Trump: Children are taught in school to 'hate their own country'

President TrumpDonald John TrumpNew Bob Woodward book will include details of 25 personal letters between Trump and Kim Jong Un On The Money: Pelosi, Mnuchin talk but make no progress on ending stalemate | Trump grabs 'third rail' of politics with payroll tax pause | Trump uses racist tropes to pitch fair housing repeal to 'suburban housewife' Biden commemorates anniversary of Charlottesville 'Unite the Right' rally: 'We are in a battle for the soul of our nation' MORE alleged during a Fourth of July speech at Mount Rushmore on Friday that children are being indoctrinated to "hate their own country" in schools. 

“Our nation is witnessing a merciless campaign to wipe out our history, defame our heroes, erase our values and indoctrinate our children,” Trump said to the crowd while discussing protests nationwide against police brutality and racism. Trump more specifically called out those tearing down statues of Confederate leaders and other figures who have faced renewed scrutiny in recent weeks.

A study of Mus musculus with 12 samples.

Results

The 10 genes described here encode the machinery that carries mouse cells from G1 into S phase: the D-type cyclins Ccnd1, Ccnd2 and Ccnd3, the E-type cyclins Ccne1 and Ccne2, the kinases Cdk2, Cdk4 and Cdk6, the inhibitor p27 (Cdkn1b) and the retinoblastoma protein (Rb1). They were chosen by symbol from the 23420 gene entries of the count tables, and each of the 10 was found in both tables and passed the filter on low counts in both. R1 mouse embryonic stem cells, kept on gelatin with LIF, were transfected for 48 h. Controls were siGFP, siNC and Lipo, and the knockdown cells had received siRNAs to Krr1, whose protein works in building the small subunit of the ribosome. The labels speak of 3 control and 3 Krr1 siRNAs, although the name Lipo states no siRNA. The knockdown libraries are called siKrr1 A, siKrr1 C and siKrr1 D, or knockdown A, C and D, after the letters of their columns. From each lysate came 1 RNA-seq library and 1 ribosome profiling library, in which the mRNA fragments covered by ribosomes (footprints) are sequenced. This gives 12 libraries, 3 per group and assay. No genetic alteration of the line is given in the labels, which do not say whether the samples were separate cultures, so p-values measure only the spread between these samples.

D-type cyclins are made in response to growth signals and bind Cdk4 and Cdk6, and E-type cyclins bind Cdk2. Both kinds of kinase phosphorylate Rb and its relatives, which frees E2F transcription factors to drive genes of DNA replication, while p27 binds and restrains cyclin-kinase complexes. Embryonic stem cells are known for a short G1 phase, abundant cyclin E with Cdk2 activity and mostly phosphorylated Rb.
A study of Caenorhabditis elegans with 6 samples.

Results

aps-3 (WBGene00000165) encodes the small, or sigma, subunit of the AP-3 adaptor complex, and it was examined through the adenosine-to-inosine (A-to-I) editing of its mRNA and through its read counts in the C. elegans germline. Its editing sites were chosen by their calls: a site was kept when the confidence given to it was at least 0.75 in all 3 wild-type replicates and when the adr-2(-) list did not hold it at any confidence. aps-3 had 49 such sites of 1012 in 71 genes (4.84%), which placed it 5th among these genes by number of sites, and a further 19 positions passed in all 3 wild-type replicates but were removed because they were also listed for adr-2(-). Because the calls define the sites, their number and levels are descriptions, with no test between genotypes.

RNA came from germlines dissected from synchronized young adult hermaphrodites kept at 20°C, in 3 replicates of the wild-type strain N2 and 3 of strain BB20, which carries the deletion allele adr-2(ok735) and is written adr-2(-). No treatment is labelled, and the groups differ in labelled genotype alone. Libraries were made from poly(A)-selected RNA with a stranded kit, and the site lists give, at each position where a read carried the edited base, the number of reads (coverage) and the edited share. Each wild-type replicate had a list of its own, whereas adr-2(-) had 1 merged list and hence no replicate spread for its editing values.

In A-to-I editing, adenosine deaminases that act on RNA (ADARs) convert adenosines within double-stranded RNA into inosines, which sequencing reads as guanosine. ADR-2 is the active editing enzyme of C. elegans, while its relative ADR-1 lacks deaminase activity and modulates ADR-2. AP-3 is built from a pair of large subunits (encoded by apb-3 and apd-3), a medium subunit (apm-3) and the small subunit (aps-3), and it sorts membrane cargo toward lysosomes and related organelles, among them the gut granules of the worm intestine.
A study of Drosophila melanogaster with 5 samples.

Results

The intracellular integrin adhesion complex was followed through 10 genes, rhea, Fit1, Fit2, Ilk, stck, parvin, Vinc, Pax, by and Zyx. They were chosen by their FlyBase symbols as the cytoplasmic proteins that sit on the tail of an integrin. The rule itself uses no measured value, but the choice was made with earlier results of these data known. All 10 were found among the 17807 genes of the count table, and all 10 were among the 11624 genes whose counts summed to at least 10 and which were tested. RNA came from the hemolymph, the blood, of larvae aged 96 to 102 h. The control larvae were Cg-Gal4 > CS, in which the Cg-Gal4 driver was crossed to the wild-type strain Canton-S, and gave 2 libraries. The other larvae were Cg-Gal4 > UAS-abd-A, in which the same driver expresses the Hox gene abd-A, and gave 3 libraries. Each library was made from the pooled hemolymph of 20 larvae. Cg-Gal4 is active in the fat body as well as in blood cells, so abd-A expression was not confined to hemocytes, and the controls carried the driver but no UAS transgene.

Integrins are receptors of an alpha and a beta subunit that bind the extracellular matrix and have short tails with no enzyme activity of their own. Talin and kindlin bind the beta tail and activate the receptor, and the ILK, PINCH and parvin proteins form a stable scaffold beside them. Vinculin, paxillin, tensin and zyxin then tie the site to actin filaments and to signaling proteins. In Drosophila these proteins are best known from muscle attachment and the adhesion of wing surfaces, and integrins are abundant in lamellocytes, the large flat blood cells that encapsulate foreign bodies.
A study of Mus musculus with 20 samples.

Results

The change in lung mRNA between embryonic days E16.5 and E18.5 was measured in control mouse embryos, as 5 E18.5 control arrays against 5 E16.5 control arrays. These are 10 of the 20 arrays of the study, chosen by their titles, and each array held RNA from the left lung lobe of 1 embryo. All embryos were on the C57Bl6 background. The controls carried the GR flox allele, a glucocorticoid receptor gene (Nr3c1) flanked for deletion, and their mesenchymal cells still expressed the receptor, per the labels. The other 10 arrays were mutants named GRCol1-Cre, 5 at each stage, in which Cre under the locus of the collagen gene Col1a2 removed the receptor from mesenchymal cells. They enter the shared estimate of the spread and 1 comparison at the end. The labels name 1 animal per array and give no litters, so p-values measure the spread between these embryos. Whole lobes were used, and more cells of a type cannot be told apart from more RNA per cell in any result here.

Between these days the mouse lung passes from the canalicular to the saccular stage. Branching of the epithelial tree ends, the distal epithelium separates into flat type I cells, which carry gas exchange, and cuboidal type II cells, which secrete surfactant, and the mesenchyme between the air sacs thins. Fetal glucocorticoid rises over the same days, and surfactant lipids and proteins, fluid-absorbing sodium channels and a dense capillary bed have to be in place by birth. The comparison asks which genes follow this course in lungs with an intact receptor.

"The violent mayhem we have seen in our streets and cities that are run by liberal Democrats in every case is the predictable result of years of extreme indoctrination and bias in education, journalism and other cultural institutions," he said. "Against every law of society and nature, our children are taught in school to hate their own country and to believe that the men and women who built it weren't heroes but villains. The radical view of American history is a web of lies." 


The comment was made amid a speech that focused largely on a condemnation of protesters removing statues and honoring the Founding Fathers, notably those on Mount Rushmore. 

Protests have gone on daily for the last month following the death of George Floyd, an unarmed Black man who was killed in police custody after an officer knelt on his neck for nearly nine minutes. His death and other incidents of police brutality that have drawn viral attention have sparked calls for reform. Some protesters have also begun taking down statues of Confederate figures or leaders who supported slavery or racist policies.